Wednesday, 11 June 2008 23:36

OMBUDSMAN is the important institution for protecting and promoting human rights, and presents a significant achievement of the civilized society, grounded on the principle rules of law and law-based states. As one of the means of protection and promotion of human rights of citizens, and the supervisor of state administration, it is the most significant indicator of the level of democracy in a society.

The idea of the foundation of ombudsman for children, as an independent institution with the coordinative, supervisory and altogether unifying role in the national protection systems of the rights of children, has been initiated by NGO's and strongly supported by international institutions, like the Council of Europe and the United Nations.

The main goal of all institutions for the protection of children's rights is to coordinate, promote and protect the rights of children, in an effort to make children's rights a more significant political and social priority - by influencing the representative bodies of parliamentary and executive powers to ensure that the rights of the child are being respected in the process of bringing decisions; by ensuring the efficient protection of children in case their rights being endangered; by promoting the right to express opinions and attitudes of children; and by expanding public awareness and educating both children and adults about the rights of the child.

Although the first office of the Ombudsman for Children has been established in
Norway according to the Law no. 5. in 1981, it was the Convention on the Rights of the Child (adopted at the General Assembly of the United Nations on November 20, 1989, and put into act on September 2, 1990, when ratified by almost all member states of United Nations) that has encouraged many states to form specialist offices for children's rights.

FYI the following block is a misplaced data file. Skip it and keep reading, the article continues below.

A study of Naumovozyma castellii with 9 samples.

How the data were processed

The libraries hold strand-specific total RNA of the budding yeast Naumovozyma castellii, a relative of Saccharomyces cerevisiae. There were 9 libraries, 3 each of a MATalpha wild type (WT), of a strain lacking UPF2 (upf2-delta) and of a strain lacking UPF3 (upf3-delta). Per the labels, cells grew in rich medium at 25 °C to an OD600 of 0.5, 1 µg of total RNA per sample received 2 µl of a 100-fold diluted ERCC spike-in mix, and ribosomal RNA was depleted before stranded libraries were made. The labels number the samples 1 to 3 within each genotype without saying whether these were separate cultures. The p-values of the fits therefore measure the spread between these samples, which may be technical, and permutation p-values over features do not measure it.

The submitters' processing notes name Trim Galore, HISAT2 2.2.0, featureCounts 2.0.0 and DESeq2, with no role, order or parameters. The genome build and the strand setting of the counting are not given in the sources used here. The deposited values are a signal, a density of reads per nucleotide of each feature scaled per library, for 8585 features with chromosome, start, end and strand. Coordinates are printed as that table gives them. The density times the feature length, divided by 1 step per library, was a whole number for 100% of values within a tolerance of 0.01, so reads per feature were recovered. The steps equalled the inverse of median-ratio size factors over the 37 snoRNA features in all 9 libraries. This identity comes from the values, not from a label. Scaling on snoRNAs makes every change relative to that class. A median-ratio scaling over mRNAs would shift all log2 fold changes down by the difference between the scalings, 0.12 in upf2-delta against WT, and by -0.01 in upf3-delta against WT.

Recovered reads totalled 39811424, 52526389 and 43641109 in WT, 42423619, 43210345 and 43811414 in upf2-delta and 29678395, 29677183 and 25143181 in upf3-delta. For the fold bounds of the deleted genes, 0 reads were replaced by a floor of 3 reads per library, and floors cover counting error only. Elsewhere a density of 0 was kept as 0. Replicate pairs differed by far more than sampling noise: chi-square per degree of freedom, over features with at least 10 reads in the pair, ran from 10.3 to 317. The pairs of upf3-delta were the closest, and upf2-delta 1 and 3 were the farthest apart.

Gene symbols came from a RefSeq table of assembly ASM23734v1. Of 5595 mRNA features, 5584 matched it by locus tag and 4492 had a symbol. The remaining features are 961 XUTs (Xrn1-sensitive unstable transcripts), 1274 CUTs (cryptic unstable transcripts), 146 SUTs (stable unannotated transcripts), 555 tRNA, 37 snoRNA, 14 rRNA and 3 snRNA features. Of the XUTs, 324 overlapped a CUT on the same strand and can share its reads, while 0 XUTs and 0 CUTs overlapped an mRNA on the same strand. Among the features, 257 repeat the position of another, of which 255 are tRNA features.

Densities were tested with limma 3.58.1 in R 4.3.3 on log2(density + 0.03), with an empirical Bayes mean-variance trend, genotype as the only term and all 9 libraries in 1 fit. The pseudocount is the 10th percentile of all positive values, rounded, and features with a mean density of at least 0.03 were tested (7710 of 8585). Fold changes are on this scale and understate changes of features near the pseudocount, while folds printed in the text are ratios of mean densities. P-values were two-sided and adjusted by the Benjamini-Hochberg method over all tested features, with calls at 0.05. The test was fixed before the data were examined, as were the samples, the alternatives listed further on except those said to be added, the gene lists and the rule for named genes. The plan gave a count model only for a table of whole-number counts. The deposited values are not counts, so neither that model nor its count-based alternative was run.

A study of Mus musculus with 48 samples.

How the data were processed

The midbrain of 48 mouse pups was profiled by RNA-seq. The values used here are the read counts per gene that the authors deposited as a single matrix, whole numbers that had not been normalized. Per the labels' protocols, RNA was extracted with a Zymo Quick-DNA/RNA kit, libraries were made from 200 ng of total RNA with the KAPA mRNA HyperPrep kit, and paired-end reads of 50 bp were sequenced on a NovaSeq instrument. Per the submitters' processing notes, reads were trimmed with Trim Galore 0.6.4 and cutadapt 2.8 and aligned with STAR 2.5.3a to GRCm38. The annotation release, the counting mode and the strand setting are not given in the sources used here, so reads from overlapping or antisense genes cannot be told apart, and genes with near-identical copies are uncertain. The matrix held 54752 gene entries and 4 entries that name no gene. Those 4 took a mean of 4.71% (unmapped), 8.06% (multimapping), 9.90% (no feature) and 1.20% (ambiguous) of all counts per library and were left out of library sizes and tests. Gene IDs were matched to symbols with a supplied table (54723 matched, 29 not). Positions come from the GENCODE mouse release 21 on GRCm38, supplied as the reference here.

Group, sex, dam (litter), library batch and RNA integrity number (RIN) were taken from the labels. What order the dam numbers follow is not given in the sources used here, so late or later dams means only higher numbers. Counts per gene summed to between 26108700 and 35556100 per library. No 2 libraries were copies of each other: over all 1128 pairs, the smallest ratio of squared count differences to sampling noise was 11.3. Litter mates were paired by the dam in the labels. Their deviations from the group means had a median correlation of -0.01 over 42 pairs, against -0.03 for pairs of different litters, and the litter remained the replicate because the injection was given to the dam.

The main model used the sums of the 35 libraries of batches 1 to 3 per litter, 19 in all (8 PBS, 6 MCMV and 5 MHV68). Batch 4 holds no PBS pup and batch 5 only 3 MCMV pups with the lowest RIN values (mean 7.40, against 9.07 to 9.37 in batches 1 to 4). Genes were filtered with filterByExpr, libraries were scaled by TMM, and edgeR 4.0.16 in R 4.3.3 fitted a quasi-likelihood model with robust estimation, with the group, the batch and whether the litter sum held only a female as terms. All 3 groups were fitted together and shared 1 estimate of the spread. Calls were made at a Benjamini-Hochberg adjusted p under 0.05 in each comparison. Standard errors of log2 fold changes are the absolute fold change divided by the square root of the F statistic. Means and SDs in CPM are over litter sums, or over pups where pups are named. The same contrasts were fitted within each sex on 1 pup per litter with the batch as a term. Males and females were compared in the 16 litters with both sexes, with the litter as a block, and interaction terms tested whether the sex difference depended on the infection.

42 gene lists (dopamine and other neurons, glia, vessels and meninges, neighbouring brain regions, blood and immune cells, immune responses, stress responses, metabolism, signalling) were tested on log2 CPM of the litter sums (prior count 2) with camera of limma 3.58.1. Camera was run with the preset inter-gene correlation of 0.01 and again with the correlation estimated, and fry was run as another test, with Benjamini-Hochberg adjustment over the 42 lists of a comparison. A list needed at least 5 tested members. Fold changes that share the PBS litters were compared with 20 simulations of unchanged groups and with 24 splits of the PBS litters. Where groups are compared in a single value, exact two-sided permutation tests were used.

The Offices of Ombudsmen for Children have become a part of the global movement for the acknowledgement of children's rights and a more efficient application of international conventions about this issue. To this day the Offices of the Ombudsmen for Children have been established in most European countries,
Israel, some states in North and South America, the Republic of South Africa, Australia and New Zealand.

In June 1997, the European Network of Ombudsmen for Children (ENOC) was formally established at a meeting in Trondheim, Norway, with the purpose of connecting parliamentary or government Offices of Ombudsmen for Children; national, regional or local state offices for the protection of children's rights, as well as NGO's which advocate children's rights at the national level.

The goals of ENOC are reflected its activities which include advocating the thorough application of Convention on the Rights of the Child; exchanging information, approaches and strategies to children's benefit, including comparative studies; supporting individual and collective lobbying for children's rights and interests at European and international bodies (European Union, Council of Europe, UN Committee for the Rights of the Child, etc.); promoting and supporting the development of efficient offices capable of independent representation of children; the collective activity aiming at the insurance of the positive national policy for children's rights; and monitoring the implementation of children's rights and the influence of political and economic changes on them.

Below is the list of countries with a representative in ENOC:

Austria, Belgium, Denmark, France, Georgia, Greece, Croatia, Hungary, Iceland, Ireland, Latvia, Lithuania, Luxembourg, Macedonia, Malta, Norway, Poland, Portugal, Russia, Slovenia, Spain, Sweden, Wales, Northern Ireland, Scotland.